China plans to invest 2 trillion yuan (US$323 billion) to improve its broadband infrastructure by 2020 with the aim of taking the nearly entire population online, a vice-minister said on Wednesday.
The government is trying to improve fixed-line and wireless connectivity throughout China, home to the largest number of mobile phone users in the world despite only 45 per cent of the population have access to the internet.
China’s investment in broadband could benefit global network equipment makers such as Ericsson and Alcatel-Lucent, as well as home-grown players like Huawei Technologies and ZTE.
“Our 3G network has to cover cities and villages and, at the same time, we have to put 4G into wide commercial use,” Shang Bing, a vice-minister at the Ministry of Information and Industry, said in an interview published on official website www.gov.cn.
Shang said the government aimed to boost the average broadband speed in China’s cities to 20 megabits per second by 2015, which is less than what internet users in Hong Kong and Singapore currently enjoy.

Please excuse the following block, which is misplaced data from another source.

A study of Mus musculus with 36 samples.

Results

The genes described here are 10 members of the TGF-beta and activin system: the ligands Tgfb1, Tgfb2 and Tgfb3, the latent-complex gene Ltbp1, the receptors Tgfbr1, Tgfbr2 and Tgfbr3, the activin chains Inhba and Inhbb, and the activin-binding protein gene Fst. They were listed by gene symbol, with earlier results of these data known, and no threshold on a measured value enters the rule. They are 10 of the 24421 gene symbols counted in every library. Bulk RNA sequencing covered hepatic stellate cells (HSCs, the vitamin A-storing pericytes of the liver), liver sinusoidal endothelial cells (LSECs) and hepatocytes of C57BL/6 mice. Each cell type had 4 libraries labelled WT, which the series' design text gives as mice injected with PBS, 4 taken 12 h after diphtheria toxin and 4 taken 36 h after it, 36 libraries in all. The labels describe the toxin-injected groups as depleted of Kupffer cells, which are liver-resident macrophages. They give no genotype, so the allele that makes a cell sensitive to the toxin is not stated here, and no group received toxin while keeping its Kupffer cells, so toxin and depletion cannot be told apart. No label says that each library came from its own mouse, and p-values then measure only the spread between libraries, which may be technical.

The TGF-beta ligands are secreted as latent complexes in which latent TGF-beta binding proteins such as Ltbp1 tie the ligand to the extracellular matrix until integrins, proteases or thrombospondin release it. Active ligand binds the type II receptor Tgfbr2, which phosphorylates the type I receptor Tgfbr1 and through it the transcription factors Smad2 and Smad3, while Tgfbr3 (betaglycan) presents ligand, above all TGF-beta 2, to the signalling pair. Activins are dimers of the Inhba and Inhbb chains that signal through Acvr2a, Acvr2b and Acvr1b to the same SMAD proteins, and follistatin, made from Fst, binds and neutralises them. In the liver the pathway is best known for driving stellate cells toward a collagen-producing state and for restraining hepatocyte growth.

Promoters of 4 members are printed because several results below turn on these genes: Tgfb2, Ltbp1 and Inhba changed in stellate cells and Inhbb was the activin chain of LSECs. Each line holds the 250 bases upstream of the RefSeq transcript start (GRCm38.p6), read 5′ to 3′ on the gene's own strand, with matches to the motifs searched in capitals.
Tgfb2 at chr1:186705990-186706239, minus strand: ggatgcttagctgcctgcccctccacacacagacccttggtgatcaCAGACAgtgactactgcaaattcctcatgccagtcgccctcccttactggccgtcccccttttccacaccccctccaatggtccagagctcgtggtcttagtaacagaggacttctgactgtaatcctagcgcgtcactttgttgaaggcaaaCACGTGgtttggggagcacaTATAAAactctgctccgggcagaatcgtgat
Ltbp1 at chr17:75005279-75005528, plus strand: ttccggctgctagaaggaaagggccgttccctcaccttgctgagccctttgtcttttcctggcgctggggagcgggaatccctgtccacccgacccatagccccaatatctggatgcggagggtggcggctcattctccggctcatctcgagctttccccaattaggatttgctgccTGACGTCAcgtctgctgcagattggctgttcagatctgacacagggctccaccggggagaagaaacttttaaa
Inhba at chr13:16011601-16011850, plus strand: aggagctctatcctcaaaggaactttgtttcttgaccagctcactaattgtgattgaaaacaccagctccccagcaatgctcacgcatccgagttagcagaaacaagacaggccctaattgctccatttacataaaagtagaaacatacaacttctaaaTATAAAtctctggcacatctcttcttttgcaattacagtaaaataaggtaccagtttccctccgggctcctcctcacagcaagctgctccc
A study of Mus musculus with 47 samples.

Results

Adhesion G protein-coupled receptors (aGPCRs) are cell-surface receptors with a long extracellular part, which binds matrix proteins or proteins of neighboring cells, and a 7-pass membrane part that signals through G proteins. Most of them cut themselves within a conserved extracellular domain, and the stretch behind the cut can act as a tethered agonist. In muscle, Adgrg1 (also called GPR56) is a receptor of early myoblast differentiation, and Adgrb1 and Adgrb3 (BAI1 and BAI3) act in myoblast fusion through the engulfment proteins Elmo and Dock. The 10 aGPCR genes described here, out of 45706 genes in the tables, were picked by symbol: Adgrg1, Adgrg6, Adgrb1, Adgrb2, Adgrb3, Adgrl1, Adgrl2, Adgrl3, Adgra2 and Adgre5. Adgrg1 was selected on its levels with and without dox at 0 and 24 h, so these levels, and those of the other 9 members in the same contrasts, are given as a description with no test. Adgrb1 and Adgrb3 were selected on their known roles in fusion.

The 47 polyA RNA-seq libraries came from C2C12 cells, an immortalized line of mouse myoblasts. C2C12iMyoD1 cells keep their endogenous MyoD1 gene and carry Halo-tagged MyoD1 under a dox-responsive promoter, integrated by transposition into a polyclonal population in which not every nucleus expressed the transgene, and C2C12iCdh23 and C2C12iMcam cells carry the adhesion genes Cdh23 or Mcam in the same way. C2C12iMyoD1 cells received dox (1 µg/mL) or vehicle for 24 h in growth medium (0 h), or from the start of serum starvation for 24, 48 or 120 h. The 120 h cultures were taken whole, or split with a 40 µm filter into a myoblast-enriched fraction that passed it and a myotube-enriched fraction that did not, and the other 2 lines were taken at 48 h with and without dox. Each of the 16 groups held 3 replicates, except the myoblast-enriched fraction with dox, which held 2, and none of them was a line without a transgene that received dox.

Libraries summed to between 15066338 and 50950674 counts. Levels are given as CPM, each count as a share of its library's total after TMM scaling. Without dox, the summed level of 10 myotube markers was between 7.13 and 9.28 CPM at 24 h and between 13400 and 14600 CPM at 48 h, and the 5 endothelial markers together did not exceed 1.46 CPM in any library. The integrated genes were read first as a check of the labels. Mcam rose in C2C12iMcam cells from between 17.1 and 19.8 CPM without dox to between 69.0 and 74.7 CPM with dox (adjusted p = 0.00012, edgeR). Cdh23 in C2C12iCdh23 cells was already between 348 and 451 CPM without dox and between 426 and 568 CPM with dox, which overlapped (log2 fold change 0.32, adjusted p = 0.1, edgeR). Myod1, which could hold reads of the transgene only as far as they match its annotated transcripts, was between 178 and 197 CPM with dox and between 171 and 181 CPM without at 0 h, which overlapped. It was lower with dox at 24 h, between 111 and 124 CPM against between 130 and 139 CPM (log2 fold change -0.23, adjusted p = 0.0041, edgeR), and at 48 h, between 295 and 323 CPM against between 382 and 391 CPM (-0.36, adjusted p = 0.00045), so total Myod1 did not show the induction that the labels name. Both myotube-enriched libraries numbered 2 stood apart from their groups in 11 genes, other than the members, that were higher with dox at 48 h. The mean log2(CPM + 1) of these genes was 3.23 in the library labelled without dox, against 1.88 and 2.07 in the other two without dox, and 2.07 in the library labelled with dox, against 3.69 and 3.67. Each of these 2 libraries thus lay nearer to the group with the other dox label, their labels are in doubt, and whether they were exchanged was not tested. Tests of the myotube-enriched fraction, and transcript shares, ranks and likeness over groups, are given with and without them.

In rural China, where internet penetration is very low, broadband speeds would hit 4 megabits per second by 2015, he said.
China’s broadband strategy will ensure that the number of 3G and Long Term Evolution (LTE) users will increase to 1.2 billion by 2020, four times of the current figure, Shang said.
The government aims to increase the number of broadband users by 25 million and fibre optic internet users by 35 million this year, according to the state-run China Internet Network Information Center.
Three companies currently operate all of China’s broadband services: China Mobile, China Telecom and China Unicom.